Ex-sports director who called pupil ‘squat queen’ keeps right to teach

Rendcomb CollegeImage copyright Phillip Halling/Geograph
Image caption William Mbanga taught at Rendcomb College near Cirencester

An ex-teacher who said “good morning squat queen” to a schoolgirl and sat on another girl’s lap, can continue teaching, a misconduct panel has ruled.

William Mbanga, 42, was the director of sport at Rendcomb College from 1 May, 2014 until he resigned in 2018.

All nine allegations were admitted by Mr Mbanga but he disagreed that he should be banned from teaching.

The panel said he had shown “insight and remorse” and had reflected on his actions by doing safeguarding courses.

Evidence received by the professional misconduct panel heard Mr Mbanga sat on a female pupil’s lap for about five seconds so the class could see a Youtube video on a laptop.

This left the student with “nightmares” and “afraid” of seeing him around the school, which is a co-ed boarding school near Cirencester.

He also told a group of female pupils to “stop advertising” when they were doing “army crawls” on their fronts during a PE lesson.

Mr Mbanga told another girl “you’re not just a pretty face” after she answered a question outside the school’s sports centre.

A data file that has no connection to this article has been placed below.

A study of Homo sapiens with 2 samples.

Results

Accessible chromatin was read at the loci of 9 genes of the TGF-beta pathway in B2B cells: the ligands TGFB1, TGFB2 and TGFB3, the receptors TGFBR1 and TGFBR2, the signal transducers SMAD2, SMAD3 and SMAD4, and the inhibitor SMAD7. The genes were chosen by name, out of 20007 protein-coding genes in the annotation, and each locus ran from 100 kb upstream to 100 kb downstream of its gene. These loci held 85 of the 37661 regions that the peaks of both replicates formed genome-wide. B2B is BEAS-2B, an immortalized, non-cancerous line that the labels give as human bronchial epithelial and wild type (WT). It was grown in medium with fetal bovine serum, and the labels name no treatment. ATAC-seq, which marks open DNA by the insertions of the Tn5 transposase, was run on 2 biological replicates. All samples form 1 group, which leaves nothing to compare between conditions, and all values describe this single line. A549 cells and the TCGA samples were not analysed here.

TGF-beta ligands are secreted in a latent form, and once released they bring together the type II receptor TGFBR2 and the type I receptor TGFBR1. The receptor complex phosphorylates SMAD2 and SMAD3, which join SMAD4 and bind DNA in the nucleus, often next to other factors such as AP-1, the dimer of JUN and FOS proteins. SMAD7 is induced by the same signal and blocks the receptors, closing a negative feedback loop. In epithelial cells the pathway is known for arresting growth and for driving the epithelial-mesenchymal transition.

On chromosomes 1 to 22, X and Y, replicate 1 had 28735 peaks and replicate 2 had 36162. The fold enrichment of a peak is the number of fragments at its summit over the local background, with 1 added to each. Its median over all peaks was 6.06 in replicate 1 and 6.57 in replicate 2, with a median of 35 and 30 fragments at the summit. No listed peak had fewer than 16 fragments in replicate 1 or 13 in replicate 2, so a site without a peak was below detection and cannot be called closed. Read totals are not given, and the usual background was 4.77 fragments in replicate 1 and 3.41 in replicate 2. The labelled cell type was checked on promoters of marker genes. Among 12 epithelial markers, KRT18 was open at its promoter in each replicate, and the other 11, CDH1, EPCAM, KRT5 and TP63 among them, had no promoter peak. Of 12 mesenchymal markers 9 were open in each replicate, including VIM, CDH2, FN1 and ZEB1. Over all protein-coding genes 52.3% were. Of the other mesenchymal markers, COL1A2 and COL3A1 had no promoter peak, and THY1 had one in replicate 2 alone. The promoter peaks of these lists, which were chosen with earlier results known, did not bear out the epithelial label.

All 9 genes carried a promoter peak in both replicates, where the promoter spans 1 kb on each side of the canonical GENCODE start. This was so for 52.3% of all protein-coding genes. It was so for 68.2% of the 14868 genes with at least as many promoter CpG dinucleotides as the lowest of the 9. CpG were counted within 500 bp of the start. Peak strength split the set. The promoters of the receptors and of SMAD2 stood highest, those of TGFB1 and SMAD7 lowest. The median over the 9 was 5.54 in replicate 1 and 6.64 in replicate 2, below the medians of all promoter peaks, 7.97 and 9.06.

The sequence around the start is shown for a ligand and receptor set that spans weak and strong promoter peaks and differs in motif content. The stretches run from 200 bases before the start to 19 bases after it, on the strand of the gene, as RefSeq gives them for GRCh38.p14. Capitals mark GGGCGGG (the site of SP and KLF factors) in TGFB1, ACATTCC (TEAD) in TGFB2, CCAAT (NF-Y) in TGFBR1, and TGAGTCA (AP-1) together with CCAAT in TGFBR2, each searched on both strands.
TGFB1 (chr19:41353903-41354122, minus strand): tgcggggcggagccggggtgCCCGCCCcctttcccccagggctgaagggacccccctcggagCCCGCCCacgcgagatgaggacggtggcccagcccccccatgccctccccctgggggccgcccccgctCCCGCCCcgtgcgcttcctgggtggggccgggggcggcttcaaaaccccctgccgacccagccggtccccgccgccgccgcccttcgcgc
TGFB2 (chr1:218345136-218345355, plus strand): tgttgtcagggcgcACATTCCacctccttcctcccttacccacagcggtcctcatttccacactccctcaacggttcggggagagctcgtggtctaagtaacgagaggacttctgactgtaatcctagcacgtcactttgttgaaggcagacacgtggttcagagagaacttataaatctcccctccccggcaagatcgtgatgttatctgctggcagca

During the disciplinary process, the report detailing the panel’s findings said Mr Mbanga admitted the incident happened but claimed it had been a “light hearted” comment.

The panel said Mr Mbanga “had shown insight and remorse for his actions, demonstrated by him attending a safeguarding and protecting children course specific to sport through UK coaching, which he found to be ‘extremely thought-provoking and enlightening’.”

He had also spent “considerable time” re-reading the school’s staff code of conduct and had also written proposals for the school on safeguarding best practice for sport and PE to help guide himself and colleagues in the future.

The panel’s decision maker, Dawn Dandy, said in the report: “In my judgement, the insight and remorse shown means that there is little risk of the repetition of this behaviour.”